The autumn constellations — Capricorn, Aquarius, Aries, Perseus and Pisces — are now becoming prominent along the zodiac in the south and east. The giant square of Pegasus appears due east shortly after dark and at the zenith (directly overhead, also called the transit) by midnight this time of year. Jupiter will grace the eastern night sky at 10:01 tonight and will be at the zenith at 5:35 a.m. Friday. Jupiter will be easy to spot as it will be very bright in the east within 16 degrees below the open star cluster the Pleiades. Incidentally, the Pleiades is also known as the Seven Sisters, and is the logo of the Subaru automobile.
To find Andromeda Galaxy, look about 11 degrees north of the Pleiades open star cluster (or one fist width at arm’s length). In dark and clear skies, it can be seen with the naked eye. If you have a smartphone using the Google Sky app, just point north of the Pleiades and Andromeda will appear. The Andromeda Galaxy is a beautiful sight in a good pair of binoculars. It’s way too big for any telescope. The light you see in your binoculars left Andromeda 2.9 million years ago. Likewise, if astronomers in Andromeda had a powerful telescope, they would see us as we were 2.9 million years ago.
The moon will be waxing gibbous (more than 50 percent illuminated) tonight, rising at 5:29 p.m. and setting at 4:30 a.m. Friday. The full moon will be at 7:41 a.m. Saturday morning. The full moon is the second-brightest object in the sky and deep space objects will be “washed out" during the full moon.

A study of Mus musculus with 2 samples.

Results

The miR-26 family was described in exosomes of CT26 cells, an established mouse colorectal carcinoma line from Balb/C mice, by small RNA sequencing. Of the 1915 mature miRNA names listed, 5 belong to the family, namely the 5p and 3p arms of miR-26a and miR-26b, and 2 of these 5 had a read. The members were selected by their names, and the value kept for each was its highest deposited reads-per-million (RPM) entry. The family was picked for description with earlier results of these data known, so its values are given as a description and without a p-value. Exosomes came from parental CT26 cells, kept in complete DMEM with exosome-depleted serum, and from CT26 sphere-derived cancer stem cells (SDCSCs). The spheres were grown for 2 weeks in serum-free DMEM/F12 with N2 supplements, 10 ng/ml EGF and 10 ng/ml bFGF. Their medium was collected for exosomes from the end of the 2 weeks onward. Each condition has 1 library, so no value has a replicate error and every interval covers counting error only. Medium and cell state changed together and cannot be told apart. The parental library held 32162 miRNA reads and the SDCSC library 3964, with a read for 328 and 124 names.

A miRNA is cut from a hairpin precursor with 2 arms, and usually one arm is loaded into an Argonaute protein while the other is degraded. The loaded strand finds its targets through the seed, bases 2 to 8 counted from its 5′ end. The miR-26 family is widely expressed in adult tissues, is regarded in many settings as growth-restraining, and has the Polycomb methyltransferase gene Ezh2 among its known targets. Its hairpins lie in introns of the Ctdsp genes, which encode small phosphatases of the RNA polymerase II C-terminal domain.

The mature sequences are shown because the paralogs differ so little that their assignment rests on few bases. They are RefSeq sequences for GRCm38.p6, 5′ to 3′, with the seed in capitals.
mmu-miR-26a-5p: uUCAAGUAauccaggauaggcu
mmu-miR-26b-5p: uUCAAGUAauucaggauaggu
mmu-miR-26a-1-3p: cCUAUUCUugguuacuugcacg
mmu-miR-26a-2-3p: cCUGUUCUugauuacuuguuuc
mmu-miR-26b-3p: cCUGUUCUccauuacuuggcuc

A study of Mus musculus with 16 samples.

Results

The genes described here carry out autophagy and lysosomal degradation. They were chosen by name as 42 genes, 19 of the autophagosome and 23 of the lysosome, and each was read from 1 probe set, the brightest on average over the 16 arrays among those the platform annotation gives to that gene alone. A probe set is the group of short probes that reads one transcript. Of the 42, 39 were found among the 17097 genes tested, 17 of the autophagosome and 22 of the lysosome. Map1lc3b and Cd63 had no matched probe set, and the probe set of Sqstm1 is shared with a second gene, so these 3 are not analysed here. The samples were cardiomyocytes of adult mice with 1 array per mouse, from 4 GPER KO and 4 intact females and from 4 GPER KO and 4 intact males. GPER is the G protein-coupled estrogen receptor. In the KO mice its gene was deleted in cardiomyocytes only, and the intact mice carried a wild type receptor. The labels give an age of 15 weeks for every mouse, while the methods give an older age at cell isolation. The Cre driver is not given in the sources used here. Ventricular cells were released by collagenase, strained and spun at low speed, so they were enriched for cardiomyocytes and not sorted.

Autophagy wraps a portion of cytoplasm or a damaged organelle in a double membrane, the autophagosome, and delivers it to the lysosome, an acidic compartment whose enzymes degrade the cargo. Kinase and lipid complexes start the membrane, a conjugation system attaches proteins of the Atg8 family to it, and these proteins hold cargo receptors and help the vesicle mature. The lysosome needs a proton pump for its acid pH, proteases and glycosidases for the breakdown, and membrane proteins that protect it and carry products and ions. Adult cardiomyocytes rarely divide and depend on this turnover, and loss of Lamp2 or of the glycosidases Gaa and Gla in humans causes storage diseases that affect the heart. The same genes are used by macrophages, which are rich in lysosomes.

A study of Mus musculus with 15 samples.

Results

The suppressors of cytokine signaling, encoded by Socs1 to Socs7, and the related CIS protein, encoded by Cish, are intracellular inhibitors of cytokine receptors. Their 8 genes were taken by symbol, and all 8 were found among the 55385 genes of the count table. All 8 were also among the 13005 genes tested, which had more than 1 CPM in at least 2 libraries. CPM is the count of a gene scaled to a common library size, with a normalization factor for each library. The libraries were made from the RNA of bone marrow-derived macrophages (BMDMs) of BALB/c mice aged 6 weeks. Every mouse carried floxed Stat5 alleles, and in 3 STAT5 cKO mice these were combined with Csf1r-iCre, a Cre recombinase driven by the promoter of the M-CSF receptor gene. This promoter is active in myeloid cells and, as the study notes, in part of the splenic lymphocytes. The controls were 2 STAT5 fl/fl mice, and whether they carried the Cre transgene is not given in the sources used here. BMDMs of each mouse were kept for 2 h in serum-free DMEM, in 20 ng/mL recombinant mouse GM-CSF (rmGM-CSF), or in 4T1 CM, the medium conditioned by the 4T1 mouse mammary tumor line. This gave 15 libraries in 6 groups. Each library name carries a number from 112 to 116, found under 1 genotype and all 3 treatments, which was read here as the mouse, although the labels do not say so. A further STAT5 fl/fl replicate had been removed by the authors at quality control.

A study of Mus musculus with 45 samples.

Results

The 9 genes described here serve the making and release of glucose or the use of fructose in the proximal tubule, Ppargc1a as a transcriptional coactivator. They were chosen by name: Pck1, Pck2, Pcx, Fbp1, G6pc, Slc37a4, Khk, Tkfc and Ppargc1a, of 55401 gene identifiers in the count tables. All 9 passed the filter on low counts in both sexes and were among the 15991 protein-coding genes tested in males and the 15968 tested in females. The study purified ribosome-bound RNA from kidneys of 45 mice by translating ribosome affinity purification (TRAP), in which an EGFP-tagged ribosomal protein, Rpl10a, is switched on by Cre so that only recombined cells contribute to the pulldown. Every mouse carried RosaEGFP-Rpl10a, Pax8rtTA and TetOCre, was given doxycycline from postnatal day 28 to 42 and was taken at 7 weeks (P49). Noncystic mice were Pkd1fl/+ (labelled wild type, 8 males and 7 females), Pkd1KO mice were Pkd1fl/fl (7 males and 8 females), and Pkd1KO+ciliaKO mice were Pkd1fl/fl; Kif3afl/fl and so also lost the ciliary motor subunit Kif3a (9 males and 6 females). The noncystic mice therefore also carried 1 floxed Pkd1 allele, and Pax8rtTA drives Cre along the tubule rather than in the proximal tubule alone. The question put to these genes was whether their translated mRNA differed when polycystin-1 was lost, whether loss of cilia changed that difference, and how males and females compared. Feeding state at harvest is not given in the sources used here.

It is the worst time to observe the surface of moon with a telescope or binoculars because there is no contrast and no shadows. Craters and mountain ranges are next to impossible to see.
Many amateur and professional astronomers study only the moon. It is interesting to note that the moon “rocks" back and forth several times a month, revealing craters and landscapes on the limbs, or east-west edges of the moon. This rocking motion is call libration, a slight tipping and tilting of the moon from week to week that brings various features into better view. The best time to view the moon’s limbs is during the full moon. For a detailed explanation of these librations, go to www .spof.gsfc.nasa.gov/star gaze/Smoon4.htm. For a libration schedule, you can consult most astronomy magazines.